The U.S. Department of Labor issued guidance Monday making clear that employers remain responsible for compliance with federal laws when adopting artificial intelligence or other automated systems in the workplace. 

In a memo to Wage and Hour Division staff, Administrator Jessica Looman outlined how the Fair Labor Standards Act and other federal labor laws apply to AI use and how “human oversight” is vital in protecting workers. 

“As new technological innovations emerge, the federal laws administered and enforced by WHD continue to apply, and employees are entitled to the protections these laws provide, regardless of the tools and systems used in their workplaces,” the bulletin read. 


Employers using AI or automated systems to track employee productivity, activity and hours worked cannot use those tools to dock employees’ pay, per the memo.

The FLSA entitles employees to be paid the federal minimum wage and overtime, when applicable, for hours worked, “regardless of the level of productivity or performance of the employee,” the memo said. “Furthermore, ‘hours worked’ are not limited solely to time spent on active productive labor but may, for instance, include certain time spent waiting and breaks of short duration.”

Employers also can’t use AI or other systems to take adverse actions against workers who engage in protected activities, the memo said. “For example, the use of automated worker surveillance systems to detect, target, or monitor workers whom the employer suspects have filed a complaint with WHD or have cooperated with WHD investigators could constitute unlawful retaliation.”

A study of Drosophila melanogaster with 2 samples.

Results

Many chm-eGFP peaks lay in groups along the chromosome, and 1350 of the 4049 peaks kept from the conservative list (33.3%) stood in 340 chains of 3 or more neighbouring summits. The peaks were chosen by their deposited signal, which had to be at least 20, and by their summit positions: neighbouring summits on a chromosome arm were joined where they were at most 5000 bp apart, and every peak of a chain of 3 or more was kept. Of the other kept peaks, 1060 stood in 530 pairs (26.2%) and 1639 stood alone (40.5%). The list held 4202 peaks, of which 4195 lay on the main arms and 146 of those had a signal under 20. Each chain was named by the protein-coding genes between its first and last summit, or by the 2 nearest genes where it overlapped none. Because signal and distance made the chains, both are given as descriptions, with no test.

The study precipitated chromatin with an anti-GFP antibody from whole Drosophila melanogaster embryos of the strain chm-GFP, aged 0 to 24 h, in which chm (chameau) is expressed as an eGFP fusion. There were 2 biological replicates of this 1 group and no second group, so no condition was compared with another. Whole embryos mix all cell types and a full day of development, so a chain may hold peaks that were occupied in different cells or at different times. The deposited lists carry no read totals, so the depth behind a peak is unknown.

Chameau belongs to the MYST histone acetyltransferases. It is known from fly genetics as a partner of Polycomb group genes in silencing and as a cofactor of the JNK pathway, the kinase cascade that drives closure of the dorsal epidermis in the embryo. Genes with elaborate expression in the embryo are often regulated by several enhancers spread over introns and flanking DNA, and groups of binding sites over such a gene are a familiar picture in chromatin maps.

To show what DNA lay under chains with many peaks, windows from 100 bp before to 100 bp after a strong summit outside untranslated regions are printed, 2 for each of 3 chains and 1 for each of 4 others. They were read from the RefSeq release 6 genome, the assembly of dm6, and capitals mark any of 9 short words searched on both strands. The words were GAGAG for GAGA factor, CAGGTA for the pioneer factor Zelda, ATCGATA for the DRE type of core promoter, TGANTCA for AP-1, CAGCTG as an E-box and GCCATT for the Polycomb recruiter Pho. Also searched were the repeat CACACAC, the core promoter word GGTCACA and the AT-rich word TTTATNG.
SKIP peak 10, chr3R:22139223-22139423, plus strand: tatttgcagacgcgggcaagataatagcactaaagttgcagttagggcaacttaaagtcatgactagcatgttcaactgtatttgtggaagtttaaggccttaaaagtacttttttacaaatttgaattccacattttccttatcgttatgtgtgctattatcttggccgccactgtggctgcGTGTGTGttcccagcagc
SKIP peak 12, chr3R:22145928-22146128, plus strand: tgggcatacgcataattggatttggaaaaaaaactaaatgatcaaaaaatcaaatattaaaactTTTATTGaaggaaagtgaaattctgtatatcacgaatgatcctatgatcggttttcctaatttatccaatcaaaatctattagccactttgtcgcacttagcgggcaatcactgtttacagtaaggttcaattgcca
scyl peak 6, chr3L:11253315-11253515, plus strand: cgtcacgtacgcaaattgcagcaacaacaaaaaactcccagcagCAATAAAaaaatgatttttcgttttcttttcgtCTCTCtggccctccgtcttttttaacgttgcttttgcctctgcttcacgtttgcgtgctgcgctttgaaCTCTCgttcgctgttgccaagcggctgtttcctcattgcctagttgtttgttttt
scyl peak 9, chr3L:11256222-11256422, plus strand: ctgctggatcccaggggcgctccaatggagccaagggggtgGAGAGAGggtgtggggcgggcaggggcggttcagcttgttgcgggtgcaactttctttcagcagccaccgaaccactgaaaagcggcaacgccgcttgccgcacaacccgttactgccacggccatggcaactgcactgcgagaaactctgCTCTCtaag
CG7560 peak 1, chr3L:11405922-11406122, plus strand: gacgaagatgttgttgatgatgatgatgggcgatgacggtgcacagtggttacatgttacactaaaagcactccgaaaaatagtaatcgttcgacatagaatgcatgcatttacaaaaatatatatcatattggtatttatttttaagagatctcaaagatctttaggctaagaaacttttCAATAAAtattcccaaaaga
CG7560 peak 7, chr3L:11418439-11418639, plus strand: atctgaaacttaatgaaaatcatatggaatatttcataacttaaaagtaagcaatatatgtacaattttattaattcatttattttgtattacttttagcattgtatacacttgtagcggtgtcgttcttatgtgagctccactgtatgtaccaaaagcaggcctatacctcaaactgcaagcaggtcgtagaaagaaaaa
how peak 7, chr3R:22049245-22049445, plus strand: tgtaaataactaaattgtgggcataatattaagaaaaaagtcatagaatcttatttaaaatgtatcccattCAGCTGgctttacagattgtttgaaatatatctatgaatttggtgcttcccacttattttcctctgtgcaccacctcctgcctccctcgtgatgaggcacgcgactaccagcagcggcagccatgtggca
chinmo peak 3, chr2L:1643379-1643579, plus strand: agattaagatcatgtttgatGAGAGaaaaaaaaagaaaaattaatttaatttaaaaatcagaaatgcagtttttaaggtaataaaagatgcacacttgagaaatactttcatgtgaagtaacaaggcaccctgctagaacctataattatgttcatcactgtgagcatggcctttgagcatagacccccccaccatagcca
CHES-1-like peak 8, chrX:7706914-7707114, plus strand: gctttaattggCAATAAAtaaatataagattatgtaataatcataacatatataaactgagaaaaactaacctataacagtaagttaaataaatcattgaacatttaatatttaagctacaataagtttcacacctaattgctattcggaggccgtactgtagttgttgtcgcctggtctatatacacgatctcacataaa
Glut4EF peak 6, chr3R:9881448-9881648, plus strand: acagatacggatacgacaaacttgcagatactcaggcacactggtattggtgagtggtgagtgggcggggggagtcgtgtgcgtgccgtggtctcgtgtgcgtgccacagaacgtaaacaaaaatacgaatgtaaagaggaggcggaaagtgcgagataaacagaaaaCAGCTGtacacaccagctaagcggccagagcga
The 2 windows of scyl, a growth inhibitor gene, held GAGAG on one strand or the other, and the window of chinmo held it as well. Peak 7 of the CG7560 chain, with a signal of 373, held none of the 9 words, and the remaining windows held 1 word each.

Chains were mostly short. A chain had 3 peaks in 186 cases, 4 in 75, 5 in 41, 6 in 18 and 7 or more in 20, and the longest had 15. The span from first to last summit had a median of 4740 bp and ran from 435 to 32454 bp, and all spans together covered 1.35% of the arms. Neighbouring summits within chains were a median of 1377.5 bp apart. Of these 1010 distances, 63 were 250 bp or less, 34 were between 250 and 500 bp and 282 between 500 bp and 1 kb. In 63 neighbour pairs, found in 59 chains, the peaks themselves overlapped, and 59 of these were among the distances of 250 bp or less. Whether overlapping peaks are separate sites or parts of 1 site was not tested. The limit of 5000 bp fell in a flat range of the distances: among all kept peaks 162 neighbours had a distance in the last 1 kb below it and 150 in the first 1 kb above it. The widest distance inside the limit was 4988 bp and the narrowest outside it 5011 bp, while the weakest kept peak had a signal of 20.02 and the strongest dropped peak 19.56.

Employers may run afoul of the Family and Medical Leave Act if AI or automated systems incorrectly deny workers leave, miscalculate time off earned or request too much information from workers, according to the memo.

“The use of AI or automated technologies should be overseen by the employer to avoid the risk of widespread violations of FMLA rights when eligibility, certification, and anti-retaliation and anti-interference requirements are not complied with. Employers are ultimately responsible for ensuring that these systems comply with the law,” per the memo. 

The PUMP Act

Employers are responsible for ensuring nursing workers have reasonable break time and space to express milk at work under the Providing Urgent Maternal Protections for Nursing Mothers Act and are not penalized by AI or automated systems that track hours and productivity, the memo said. 

“Automated scheduling or timekeeping systems that limit the length, frequency, or timing of a nursing employee’s breaks to pump would violate the FLSA’s reasonable break time requirement,” the memo said. 

The Employee Polygraph Protection Act

AI tools that can use eye measurements, voice analysis, micro-expressions or other body movements to determine lying could be considered lie detector tests, which are prohibited by the Employee Polygraph Protection Act, the memo advised. 

“Employers’ use of AI or other technologies to gauge an individual’s truthfulness may be subject to the restrictions on lie detector tests provided under the EPPA,” it said.

The labor department also on Monday issued an FAQ for federal contractors on how to comply with equal employment opportunity requirements when using AI or automated systems. The updates come six months after President Joe Biden issued an executive order on AI use.